China says it's entitled to keep watch over airspace surrounding islands
Following a reported exchange in which its navy warned off a US surveillance plane, China's Foreign Ministry spokesman said China was 'entitled to the surveillance over related airspace and sea areas so as to maintain national security and avoid any maritime accidents.'
Beijing — China said Thursday it is entitled to keep watch over airspace and seas surrounding artificial islands it created in the disputed waters of the South China Sea, following a reported exchange in which its navy warned off a U.S. surveillance plane.
The comments came as the Chinese air force announced its latest offshore training exercises in the western Pacific as part of efforts to boost its combat preparedness. An air force spokesman said that followed an initial offshore drill held last month and future such exercises would likely be planned.
Speaking at a regular daily briefing, Foreign Ministry spokesman Hong Lei reiterated Beijing's insistence on its indisputable sovereignty over the islands it has created by piling sand on top of atolls and reefs.
While saying he had no information about the reported exchange, Hong said China was "entitled to the surveillance over related airspace and sea areas so as to maintain national security and avoid any maritime accidents.
"We hope relevant countries respect China's sovereignty over the South China Sea, abandon actions that may intensify controversies and play a constructive role for regional peace and stability," Hong told reporters at a daily news briefing.
A news crew from CNN reported it witnessed an incident Wednesday in which a Chinese navy dispatcher demanded eight times that a U.S. Navy P8-A Poseidon surveillance aircraft leave the area as it flew over Fiery Cross Reef, where China has conducted extensive reclamation work. It said the U.S. crew responded that they were flying through international airspace, to which the Chinese dispatcher answered: "This is the Chinese navy ... You go!"
CNN said it was given exclusive permission to board the surveillance flight because the U.S. wants to raise awareness of China's island building project. It also said it was the first time the Pentagon had declassified audio of the Chinese making such challenges.
China's construction has intensified frictions among competing parties in the South China Sea, which Beijing claims virtually in its entirety along with its scattered island groups. The area that is home to some of the world's busiest commercial shipping routes is also claimed in part or in whole by the Philippines, Taiwan, Brunei, Malaysia, and Vietnam.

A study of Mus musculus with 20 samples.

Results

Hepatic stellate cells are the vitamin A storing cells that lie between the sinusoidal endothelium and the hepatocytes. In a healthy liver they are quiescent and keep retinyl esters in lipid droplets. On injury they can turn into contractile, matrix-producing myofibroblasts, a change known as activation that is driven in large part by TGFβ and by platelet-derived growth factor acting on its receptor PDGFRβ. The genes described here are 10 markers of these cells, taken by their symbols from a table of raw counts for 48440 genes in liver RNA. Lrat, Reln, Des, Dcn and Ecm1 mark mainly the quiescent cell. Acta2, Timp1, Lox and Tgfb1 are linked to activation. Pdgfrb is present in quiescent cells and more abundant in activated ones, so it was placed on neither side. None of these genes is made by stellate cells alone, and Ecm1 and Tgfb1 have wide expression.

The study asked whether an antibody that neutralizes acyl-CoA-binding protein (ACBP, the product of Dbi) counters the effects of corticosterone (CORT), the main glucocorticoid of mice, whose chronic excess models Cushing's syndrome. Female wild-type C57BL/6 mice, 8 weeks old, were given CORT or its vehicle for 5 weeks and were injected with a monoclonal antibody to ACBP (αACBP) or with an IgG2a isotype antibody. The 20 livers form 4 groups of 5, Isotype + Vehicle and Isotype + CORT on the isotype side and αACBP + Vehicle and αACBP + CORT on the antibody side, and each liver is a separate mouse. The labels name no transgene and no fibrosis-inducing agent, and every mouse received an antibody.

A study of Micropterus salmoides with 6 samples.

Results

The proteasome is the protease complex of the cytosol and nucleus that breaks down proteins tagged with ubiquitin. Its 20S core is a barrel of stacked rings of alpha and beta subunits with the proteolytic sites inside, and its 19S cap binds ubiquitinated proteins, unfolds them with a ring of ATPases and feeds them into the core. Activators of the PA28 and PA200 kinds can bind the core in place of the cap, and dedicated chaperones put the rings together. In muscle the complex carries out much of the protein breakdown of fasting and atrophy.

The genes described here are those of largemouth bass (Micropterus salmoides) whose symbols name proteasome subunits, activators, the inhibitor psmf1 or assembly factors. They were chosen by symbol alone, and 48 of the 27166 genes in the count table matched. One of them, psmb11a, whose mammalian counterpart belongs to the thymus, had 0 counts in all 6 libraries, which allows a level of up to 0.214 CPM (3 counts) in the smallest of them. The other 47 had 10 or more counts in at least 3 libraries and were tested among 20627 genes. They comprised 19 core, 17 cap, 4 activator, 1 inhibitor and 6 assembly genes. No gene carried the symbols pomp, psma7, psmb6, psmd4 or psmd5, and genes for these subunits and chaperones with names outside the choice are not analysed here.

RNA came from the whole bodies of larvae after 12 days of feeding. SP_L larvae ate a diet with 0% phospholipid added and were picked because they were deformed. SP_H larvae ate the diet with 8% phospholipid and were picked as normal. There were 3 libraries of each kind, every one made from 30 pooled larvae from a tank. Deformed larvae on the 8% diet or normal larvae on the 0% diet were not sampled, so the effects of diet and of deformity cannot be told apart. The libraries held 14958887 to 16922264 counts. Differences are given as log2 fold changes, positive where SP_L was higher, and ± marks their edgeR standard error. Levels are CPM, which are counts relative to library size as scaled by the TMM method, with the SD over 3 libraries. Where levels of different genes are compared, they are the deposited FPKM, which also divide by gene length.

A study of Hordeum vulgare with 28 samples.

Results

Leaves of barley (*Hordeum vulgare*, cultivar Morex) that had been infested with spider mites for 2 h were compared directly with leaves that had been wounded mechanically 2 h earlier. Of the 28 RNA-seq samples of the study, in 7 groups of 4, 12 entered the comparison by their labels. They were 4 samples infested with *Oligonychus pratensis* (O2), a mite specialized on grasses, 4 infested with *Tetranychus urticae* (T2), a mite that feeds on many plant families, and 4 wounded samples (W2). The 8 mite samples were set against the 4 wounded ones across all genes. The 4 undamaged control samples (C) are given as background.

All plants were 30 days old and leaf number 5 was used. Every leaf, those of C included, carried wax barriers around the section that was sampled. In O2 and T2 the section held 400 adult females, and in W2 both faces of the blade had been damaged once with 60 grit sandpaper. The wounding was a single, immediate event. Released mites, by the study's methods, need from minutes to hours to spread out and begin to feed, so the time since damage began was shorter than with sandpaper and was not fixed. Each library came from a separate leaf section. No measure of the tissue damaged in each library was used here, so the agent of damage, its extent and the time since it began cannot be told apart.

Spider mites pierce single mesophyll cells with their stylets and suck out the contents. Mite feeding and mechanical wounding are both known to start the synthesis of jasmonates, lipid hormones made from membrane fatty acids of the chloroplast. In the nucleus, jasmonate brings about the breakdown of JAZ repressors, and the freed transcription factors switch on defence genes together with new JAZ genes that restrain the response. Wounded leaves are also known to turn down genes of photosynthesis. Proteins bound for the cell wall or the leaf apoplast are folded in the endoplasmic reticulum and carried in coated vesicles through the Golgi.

The U.S. and most of the 10 members of the Association of Southeast Asian Nations want a halt to the projects, which they suspect are aimed at building islands and other land features over which China can claim sovereignty and base military assets.
The U.S. says it takes no position on the sovereignty claims but insists they must be negotiated. Washington also says ensuring maritime safety and access is a U.S. national security priority.
China is also at odds with Japan over ownership of a group of uninhabited islands in the East China Sea that are controlled by Tokyo but also claimed by Beijing, leading to increased activity by Chinese planes and ships in the area, which lies between Taiwan and Okinawa.
Both sides have accused the other of operating dangerously, prompting fears of an incident such as the 2001 collision between a Chinese fighter jet and a U.S. surveillance plane in which the Chinese pilot was killed and the American crew detained on China's Hainan island.
People's Liberation Army Air Force spokesman Shen Jinke said Thursday's exercises were held in international airspace but gave no specifics. In its report on the drills, state broadcaster CCTV showed a video of Xian H-6 twin-engine bombers, a Chinese version of Russia's Tupelov Tu-16, in flight and landing at an air base, although it wasn't clear when the video was shot.
Along with the long-standing island dispute, China raised tensions in November 2013 when it declared an air defense identification zone over a large swathe of the East China Sea that would require foreign aircraft to announce their flight plans and follow Chinese instructions.
The zone was immediately denounced by Japan, the U.S. and others, and the U.S. Air Force mounted an immediate challenge by flying a pair of B-52 bombers through it unannounced.